MONUMENT AVENUE – “THERE GOES ROBERT E. LEE”
Sign up for JPG+ to start using collections now!
Photo license: © All rights reserved
[Monument Avenue, Richmond, Virginia, October 2012]
Richmond’s Monument Avenue is an ode to the past.
There, in grand scale, are equestrian statues of the great Confederate chieftains, Gen. Robert E. Lee, Lt. Gen. Thomas. J. (“Stonewall”) Jackson, and Lt. Gen. James Ewell Brown (“JEB”) Stuart, all of them West Point graduates. There are also monuments to Confederate President Jefferson Davis (also a West Point graduate) and Matthew Fontaine Maury, the “Pathfinder of the Seas.”
Robert E. Lee (1807-1870) was born at Stratford Hall, Virginia, into an ancient and noble family, and was raised in genteel poverty in Old Town Alexandria, Virginia. His aging and ailing father, Gen. Henry (“Light-Horse Harry”) Lee, III, a hero of the American Revolution, was deep in debt and never home, leaving Lee’s mother, Ann Hill Carter Lee, to raise the boy who would one day become one of the most admired men in American history.
When the American Civil War began, Lee was offered command of the United States Army, but declined choosing, instead, to return home to Virginia. Lee would not draw his sword to defend slavery, but he would defend Virginia’s right to be free from invasion. Virginia, Lee reasoned, had been sovereign for more than 250 years – ever since Jamestowne – whereas the United States was, by comparison, a relatively new concept, that is, a federation created by a voluntary association of states.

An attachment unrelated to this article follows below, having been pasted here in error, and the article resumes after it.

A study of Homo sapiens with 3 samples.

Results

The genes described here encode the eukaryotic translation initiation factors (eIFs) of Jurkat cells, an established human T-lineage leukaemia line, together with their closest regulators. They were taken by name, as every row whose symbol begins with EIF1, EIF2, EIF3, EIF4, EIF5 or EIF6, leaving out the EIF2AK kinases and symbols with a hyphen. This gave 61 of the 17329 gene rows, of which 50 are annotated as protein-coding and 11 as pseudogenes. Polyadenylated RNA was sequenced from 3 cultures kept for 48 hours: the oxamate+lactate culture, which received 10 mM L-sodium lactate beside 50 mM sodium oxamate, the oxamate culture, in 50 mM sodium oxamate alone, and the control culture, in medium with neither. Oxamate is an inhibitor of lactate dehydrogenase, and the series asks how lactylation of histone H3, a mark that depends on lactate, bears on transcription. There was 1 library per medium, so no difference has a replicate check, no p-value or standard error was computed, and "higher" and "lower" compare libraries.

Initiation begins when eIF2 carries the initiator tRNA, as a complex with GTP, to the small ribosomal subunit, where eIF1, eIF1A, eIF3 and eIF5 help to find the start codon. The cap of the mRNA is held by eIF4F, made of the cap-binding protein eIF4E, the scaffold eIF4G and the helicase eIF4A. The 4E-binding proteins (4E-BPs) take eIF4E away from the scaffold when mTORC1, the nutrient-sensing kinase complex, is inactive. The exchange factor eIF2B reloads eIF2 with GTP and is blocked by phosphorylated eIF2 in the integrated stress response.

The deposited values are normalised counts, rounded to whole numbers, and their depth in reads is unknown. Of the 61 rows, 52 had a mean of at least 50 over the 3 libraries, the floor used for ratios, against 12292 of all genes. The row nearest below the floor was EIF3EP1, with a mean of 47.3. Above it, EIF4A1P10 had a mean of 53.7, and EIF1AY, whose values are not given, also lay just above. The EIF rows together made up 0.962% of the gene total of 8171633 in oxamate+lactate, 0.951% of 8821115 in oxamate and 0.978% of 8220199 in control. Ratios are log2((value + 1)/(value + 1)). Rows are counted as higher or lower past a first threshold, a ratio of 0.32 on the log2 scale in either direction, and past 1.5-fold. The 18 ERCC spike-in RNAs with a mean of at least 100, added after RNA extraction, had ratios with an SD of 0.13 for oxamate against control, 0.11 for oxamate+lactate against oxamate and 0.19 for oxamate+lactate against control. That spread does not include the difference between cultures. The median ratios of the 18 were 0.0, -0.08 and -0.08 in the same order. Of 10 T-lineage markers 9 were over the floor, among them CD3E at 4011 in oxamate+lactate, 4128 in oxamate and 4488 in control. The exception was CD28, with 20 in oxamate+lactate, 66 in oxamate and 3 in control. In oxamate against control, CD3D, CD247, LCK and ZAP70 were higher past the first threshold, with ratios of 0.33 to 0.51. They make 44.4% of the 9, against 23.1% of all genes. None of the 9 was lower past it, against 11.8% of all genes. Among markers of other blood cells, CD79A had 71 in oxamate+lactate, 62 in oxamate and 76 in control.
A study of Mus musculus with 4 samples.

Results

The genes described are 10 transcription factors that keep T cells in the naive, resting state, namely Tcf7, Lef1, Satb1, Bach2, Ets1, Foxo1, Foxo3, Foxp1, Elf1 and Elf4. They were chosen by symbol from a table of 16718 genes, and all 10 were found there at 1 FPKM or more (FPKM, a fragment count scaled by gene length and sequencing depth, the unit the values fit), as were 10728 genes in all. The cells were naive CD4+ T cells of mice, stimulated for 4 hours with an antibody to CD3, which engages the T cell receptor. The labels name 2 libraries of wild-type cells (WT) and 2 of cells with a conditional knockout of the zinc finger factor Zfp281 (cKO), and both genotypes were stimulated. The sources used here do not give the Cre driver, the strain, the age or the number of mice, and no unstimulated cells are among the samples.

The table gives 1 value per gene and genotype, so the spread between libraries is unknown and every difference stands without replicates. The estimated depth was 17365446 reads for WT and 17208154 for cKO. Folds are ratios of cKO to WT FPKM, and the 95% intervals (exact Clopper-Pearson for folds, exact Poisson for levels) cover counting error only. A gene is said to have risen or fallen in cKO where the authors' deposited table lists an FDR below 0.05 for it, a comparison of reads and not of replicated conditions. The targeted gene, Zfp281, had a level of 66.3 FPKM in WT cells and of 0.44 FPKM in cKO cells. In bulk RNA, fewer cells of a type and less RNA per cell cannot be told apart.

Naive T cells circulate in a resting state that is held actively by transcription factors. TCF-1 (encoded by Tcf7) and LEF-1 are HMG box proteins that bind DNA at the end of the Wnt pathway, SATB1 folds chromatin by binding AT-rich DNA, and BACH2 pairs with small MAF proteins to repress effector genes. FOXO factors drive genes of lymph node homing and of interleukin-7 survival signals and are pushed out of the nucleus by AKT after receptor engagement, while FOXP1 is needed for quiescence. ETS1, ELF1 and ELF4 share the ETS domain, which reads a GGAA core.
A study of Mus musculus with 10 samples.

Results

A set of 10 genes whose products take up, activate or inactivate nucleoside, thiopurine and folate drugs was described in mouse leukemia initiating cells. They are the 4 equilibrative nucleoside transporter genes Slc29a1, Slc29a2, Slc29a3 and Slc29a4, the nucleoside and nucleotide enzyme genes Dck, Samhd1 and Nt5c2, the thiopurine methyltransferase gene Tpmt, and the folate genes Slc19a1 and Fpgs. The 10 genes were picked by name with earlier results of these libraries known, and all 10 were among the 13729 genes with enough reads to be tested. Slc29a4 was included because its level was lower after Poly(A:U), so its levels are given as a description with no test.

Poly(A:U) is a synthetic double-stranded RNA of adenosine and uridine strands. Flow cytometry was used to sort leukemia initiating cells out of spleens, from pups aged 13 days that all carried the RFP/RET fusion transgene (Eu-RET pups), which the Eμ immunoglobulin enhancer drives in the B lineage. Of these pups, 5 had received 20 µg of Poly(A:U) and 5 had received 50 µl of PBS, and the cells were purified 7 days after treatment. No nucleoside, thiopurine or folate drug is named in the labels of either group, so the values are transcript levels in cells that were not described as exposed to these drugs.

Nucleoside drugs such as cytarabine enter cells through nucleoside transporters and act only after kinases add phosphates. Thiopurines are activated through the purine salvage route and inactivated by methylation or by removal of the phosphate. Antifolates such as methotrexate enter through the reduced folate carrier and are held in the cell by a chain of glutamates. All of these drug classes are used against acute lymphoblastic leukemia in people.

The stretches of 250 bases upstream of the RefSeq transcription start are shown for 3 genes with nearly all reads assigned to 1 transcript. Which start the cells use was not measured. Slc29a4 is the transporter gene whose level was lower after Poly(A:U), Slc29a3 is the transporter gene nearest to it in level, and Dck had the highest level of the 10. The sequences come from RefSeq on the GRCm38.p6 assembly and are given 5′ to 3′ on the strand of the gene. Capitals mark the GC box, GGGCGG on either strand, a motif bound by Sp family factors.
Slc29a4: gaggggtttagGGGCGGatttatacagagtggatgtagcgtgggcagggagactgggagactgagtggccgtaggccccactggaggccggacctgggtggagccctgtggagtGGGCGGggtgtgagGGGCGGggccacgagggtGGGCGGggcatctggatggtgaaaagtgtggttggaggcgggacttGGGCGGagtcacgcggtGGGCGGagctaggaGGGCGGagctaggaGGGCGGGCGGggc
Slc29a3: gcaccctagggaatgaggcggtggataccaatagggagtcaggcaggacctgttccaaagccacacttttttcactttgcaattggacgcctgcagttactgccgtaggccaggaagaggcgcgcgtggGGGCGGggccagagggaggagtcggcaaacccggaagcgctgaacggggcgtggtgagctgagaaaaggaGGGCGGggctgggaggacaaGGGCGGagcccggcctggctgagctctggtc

Historians have debated the constitutionality of secession and the wisdom of Lee’s decision. I do not propose to do either in this forum.
After the War, Lee was appointed president of Washington College (later Washington and Lee University), a post he held until his death, in 1870.
General Lee was elected to the Hall of Fame for Great Americans in 1900. Gen. Jackson was elected in 1957. And Matthew Fontaine Maury was elected in 1930. The Hall of Fame is located on the campus of Bronx Community College, CUNY, in New York City. The Hall features a bust of each member, and it is worth a visit.
If you have time, click on Joan Baez’ famous version of “The Night They Drove Old Dixie Down,” linked below. What a beautiful voice. Listen for the line, “There goes Robert E. Lee.” The accompanying video is from “Custer of the West” (1967). (Robert Shaw of “Jaws” fame plays Custer!)
I hope you enjoyed this. As always, thanks for stopping by.
Also by Richard Knight
Please Login or Sign Up
Login or Sign Up
Need contest credits? Get 'em here!
Select a Shoot Out contest credit package below.